Windows Vista Tutorial

Display military time in Windows Vista

By default for distributions of Windows Vista set to English-US, the time is displayed in the system clock and elsewhere using the AM/PM, 12-hour based system. But Windows Vista's date and time settings allow you to customize the display of time any way you like. This tutorial shows you how to make Vista use 24 hours to display the time of day, also known as "military time."


Use military time in Windows Vista

Configure time display options in Windows Vista Unlike other date and time settings in Windows Vista, you configure the time display options through the Regional and Language Options: this is because Windows uses your culture settings (e.g. English-US) to determine your default currency, time display format, etc. To access the regional and language options, click on the Start Button, and choose Run.

Customize time formats in Windows Vista In the dialog box that opens, type intl.cpl and hit Enter (or click OK) - this will open the Regional and Language Options window. The Format tab, selected by default, is the one you need: click the Customize this format button.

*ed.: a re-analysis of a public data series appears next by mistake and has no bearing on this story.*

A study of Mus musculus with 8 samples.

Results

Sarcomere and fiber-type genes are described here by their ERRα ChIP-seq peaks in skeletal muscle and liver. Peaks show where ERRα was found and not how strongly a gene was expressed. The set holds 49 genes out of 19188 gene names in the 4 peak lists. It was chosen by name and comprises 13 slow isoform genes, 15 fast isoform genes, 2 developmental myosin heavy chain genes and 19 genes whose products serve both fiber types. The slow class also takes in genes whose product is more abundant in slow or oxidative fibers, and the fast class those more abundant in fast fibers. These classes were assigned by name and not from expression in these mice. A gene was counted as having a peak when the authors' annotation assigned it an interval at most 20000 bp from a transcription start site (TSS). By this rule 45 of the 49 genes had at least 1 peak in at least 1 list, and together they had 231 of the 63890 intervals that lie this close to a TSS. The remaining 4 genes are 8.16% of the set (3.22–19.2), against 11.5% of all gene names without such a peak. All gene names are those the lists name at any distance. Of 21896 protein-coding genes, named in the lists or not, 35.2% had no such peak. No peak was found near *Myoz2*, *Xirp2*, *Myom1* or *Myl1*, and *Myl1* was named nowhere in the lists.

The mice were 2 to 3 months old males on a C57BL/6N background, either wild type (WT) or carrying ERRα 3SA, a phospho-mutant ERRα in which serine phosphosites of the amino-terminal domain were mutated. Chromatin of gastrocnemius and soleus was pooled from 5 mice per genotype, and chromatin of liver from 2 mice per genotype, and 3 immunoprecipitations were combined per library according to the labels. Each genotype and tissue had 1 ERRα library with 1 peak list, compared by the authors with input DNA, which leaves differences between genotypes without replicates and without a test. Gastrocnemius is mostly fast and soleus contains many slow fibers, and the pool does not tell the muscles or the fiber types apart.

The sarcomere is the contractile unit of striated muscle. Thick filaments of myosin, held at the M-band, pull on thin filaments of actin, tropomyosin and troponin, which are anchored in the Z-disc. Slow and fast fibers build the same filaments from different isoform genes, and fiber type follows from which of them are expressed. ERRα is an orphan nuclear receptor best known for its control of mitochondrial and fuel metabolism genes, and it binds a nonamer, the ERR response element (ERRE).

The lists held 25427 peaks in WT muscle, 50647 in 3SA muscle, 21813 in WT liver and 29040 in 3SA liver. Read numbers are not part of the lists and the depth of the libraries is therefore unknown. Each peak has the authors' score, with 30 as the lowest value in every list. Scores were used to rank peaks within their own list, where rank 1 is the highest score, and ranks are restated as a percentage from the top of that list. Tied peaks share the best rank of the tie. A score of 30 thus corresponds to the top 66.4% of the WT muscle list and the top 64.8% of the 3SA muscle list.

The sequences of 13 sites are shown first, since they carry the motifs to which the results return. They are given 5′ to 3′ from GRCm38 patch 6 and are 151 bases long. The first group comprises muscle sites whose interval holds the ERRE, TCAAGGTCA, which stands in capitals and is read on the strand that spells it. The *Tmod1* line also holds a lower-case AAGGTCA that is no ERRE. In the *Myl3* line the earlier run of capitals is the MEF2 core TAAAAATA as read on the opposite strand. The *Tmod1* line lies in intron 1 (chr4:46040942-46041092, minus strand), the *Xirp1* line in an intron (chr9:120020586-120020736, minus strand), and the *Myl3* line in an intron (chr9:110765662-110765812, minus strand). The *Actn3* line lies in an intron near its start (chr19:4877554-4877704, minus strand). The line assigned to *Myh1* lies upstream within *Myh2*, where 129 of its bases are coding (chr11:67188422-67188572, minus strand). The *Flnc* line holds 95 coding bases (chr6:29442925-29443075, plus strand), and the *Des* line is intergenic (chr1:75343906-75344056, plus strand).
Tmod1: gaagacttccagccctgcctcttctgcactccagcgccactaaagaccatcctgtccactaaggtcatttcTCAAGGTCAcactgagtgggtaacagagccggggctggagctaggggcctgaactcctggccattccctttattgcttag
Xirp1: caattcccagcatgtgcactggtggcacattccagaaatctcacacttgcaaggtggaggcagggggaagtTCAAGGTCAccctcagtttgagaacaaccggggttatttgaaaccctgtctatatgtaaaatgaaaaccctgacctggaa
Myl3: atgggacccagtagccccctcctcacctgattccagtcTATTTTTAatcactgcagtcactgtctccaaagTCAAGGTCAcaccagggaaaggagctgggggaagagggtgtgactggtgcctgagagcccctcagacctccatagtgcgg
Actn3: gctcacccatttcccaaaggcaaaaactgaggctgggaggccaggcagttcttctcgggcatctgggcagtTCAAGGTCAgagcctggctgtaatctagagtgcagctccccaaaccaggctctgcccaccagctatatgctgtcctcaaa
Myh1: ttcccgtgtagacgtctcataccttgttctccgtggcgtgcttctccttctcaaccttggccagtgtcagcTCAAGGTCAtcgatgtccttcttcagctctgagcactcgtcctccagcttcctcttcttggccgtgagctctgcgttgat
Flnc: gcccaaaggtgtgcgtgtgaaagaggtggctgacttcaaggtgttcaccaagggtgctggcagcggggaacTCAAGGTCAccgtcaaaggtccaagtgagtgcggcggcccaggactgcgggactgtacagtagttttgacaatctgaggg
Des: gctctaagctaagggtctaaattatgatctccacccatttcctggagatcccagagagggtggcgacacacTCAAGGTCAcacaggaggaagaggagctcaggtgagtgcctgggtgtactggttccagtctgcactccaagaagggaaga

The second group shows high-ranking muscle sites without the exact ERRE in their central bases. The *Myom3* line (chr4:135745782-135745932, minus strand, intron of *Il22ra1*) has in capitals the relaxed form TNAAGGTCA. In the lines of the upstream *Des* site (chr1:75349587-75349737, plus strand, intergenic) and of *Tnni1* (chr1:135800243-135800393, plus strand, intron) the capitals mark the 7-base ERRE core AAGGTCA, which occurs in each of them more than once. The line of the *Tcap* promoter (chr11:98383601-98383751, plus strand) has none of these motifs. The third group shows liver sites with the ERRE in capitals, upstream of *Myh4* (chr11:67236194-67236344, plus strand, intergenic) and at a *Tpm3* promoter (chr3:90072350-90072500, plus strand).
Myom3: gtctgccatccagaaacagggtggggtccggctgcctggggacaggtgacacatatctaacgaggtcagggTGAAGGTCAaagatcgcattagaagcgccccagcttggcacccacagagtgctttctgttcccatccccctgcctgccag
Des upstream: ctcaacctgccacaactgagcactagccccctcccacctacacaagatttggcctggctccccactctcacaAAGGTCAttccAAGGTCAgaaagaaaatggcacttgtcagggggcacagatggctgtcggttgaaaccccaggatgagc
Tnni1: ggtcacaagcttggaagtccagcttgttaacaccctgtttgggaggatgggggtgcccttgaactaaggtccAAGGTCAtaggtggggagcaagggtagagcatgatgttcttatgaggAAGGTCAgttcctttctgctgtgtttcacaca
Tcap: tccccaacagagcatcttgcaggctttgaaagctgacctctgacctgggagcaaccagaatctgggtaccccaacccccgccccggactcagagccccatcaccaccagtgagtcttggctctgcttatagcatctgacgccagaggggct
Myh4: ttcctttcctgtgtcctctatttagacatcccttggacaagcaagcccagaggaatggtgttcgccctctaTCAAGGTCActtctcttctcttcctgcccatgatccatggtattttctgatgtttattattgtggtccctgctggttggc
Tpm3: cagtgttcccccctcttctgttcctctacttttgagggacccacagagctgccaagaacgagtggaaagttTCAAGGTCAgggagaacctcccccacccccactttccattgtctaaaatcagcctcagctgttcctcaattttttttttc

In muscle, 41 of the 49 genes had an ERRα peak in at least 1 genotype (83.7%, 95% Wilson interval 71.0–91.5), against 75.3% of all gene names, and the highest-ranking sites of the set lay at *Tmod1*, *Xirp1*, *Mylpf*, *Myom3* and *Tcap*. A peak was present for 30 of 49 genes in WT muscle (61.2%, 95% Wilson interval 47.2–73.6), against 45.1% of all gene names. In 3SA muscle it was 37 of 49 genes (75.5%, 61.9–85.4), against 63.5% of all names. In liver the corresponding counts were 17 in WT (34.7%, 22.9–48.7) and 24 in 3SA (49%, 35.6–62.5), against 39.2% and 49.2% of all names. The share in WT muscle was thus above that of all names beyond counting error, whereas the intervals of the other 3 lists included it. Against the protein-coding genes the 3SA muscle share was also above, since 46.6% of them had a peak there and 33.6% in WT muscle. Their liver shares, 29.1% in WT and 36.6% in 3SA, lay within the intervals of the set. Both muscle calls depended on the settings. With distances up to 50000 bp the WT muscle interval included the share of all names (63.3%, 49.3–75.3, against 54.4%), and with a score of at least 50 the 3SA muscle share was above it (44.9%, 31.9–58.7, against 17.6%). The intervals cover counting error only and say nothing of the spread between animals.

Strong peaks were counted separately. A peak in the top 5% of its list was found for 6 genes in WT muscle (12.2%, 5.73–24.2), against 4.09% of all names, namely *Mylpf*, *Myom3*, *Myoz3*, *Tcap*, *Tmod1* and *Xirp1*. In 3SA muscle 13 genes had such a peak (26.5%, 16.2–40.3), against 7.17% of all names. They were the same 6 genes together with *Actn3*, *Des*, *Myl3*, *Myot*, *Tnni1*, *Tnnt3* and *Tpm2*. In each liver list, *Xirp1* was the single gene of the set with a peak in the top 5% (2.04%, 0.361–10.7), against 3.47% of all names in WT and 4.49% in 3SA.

In the Customize Regional Options dialog that opens, click on the Time tab.

Display military time format

In the Time format field, type HH:mm and click Apply. "HH" stands for hours in 24-hour format, the column (":") is the optional separator between hours and minutes (you do not need to enter a separator), and "mm" stands for minutes.

(By entering twice the letter H (hours) and twice the letter m (minutes), you are instructing Windows Vista to always display two digits for the time; in other words, a leading zero will be inserted if needed, and your hours and minutes will always show as a two-digit number.)

Display seconds in the clock in Windows Vista

If you want Windows Vista to display seconds in the clock, in addition to hours and minutes, simply type ":ss" (a separator plus two-digit seconds) at the end of the Time format field. Keep in mind that the seconds will keep changing live, which can become a bit distracting.

You can use the Apply button instead of OK to experiment with time formats. And this is how you use military time in Windows Vista.